When it comes to the law, intentions are often relevant. But that might not be enough to save Jon Corzine, the former politician and more recently former head of failed commodities and futures brokerage firm MF Global.
On Thursday, Corzine, 64, was back in Washington, this time on the other end of the grilling that as a Senator he used to expertly dole out to executives and regulators. At issue was the $1.2 billion in client funds that have been missing at least since late October, shortly before MF Global crashed into bankruptcy. Perhaps the most telling moment of his testimony was when Corzine was asked whether he authorized the use of client funds to finance the firm’s own bets on European bonds. Corzine’s reply: “I never intended to break any rules.” He probably didn’t intend to sound guilty either, but he did.
There is still the possibility that the missing money of MF Global’s client will be found and that it was never used inappropriately. So Corzine could be saying in a guarded way that he didn’t do anything wrong. But assuming the money is gone for good, as it is increasingly looking, and the funds were diverted improperly into the company’s own losing bet on European bonds, then there are at least two different ways to read Corzine’s telling non-admission. One is that Corzine never planned to break any rules. He went into his ill-fated multi-billion-dollar bet on European bonds, which would eventually sink MF Global, expecting only to use his firm’s cash. But as the bet went south, potentially taking Corzine’s reputation with it, he eventually found himself quite liberally dipping into client accounts rather than admitting he had messed up. Another way to read Corzine’s statement is that his firm was funding its bet on European bonds with client money all along, and Corzine didn’t know it — or at least didn’t know that doing that was against the rules.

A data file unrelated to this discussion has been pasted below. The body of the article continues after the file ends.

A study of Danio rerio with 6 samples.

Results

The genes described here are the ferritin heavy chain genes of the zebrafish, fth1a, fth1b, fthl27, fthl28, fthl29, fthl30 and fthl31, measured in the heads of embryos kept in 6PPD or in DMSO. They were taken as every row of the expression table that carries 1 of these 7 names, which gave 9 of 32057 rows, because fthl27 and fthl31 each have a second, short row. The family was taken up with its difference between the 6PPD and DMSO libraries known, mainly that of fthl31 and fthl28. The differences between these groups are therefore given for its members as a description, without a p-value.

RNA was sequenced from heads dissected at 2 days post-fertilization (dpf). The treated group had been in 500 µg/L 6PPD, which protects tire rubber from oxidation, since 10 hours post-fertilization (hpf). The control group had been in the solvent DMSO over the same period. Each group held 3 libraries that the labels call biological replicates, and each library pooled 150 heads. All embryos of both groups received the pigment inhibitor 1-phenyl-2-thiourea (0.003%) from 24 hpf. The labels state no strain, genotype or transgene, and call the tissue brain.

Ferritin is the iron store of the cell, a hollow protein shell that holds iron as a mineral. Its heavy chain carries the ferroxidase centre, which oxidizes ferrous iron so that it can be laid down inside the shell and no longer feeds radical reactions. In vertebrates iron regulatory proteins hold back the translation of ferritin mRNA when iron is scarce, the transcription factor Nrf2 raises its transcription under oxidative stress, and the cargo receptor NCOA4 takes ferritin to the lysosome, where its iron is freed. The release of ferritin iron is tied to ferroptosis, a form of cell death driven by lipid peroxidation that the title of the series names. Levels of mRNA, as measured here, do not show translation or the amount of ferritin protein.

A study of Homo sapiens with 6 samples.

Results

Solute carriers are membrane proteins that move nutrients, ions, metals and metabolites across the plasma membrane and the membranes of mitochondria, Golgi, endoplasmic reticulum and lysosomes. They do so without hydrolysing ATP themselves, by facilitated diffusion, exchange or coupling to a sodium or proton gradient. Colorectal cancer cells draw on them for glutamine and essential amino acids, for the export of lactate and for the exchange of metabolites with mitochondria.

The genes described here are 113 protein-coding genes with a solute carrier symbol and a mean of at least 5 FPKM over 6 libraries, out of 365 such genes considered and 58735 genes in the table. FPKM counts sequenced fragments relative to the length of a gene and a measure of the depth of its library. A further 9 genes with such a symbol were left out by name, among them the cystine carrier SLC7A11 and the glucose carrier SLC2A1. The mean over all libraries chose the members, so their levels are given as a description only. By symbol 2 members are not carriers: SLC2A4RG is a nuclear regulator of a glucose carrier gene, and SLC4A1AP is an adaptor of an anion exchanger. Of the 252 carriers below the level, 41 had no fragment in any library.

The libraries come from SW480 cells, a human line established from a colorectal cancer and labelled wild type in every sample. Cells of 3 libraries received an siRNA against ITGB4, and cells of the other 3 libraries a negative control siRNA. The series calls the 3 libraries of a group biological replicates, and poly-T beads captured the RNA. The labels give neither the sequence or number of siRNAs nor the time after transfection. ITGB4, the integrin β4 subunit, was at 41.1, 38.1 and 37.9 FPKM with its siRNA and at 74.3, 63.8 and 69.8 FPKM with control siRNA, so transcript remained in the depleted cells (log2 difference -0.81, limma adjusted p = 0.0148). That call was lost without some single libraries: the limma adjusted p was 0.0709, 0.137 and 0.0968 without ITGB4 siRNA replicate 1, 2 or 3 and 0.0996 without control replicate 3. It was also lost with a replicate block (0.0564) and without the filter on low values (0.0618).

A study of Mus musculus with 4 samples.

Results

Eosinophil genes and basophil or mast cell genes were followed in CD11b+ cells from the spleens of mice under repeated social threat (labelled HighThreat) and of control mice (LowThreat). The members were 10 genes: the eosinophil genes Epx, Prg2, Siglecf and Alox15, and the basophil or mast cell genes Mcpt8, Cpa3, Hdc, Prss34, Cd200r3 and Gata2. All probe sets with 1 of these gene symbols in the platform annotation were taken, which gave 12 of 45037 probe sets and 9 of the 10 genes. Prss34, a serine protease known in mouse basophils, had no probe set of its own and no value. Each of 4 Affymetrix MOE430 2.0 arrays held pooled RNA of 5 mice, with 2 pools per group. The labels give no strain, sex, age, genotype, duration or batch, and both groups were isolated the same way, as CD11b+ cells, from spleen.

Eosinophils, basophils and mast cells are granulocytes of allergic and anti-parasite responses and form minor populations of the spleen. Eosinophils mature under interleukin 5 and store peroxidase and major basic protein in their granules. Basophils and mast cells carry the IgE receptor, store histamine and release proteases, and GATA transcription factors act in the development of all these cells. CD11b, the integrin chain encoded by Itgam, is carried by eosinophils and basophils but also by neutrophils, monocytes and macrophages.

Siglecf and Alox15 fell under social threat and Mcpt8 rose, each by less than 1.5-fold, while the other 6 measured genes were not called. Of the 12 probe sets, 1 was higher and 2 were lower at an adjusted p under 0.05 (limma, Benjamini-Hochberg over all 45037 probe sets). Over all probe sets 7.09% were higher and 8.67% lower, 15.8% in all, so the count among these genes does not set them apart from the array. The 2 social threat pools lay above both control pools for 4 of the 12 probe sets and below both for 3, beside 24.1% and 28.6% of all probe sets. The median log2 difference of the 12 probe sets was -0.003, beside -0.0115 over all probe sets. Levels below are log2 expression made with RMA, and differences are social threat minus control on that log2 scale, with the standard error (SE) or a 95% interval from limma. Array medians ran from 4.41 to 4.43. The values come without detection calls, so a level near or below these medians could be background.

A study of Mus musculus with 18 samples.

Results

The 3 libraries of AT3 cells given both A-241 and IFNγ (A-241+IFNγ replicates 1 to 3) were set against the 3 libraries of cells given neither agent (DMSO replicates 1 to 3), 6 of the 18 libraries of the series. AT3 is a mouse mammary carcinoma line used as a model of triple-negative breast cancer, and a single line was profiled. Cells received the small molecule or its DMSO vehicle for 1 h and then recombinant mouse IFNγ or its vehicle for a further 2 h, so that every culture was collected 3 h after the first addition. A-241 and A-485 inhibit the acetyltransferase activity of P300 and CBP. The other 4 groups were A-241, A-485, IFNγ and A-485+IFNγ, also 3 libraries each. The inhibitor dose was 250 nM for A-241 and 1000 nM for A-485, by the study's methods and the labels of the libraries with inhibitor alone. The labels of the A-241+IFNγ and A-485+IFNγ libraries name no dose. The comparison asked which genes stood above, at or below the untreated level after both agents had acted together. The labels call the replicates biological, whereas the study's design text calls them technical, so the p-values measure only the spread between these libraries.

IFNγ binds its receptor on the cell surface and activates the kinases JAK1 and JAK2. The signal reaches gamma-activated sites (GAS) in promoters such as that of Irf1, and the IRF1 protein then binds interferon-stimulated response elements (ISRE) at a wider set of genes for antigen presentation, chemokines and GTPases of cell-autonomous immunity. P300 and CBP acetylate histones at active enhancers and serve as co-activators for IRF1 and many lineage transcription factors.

Regulators do have rules in place so that firms don’t abuse these practices. Those “safe” investments made with client money are supposed to stay in separate accounts, and not be co-mingled or used to fund previously made firm trades. And there are strict limits on how much firms can borrow against their clients’ collateral. MF Global does appear to have mixed its client trades with the firm’s trades. And some are guessing that the firm may have used its London subsidiary to get around the rules that limit how much it could leverage up its clients collateral.
The bottom line is that if Corzine is guilty, he’s not the only one. Clearly, complicated rules on what brokerage firms can and can’t do with their clients’ money definitely opened the door and contributed to what went wrong at MF Global. The rules that are in place should be simple enough and common-sense enough for someone like Corzine, who after all spent most of his career in finance and was once the head of Goldman Sachs, to understand — and to know when a firm he is the head of is breaking them.
Still, that doesn’t mean Corzine is off the hook. Keeping a financial firm afloat is more than just allocating your capital. You also have to make sure you have the liquidity — cash on hand — to operate. And Corzine should have known that as the value of his $6.3 billion bet on many of Europe’s troubled nations dropped in value the cash to maintain those bets was going to have to come from somewhere. He should have known Wall Street and the people who work there well enough to guess that corners would be cut even if he didn’t give the direct order to do it. For that reason, if in fact MF Global’s clients’ funds were pilfered, he’s as guilty as anyone at the firm — even if that wasn’t his intention.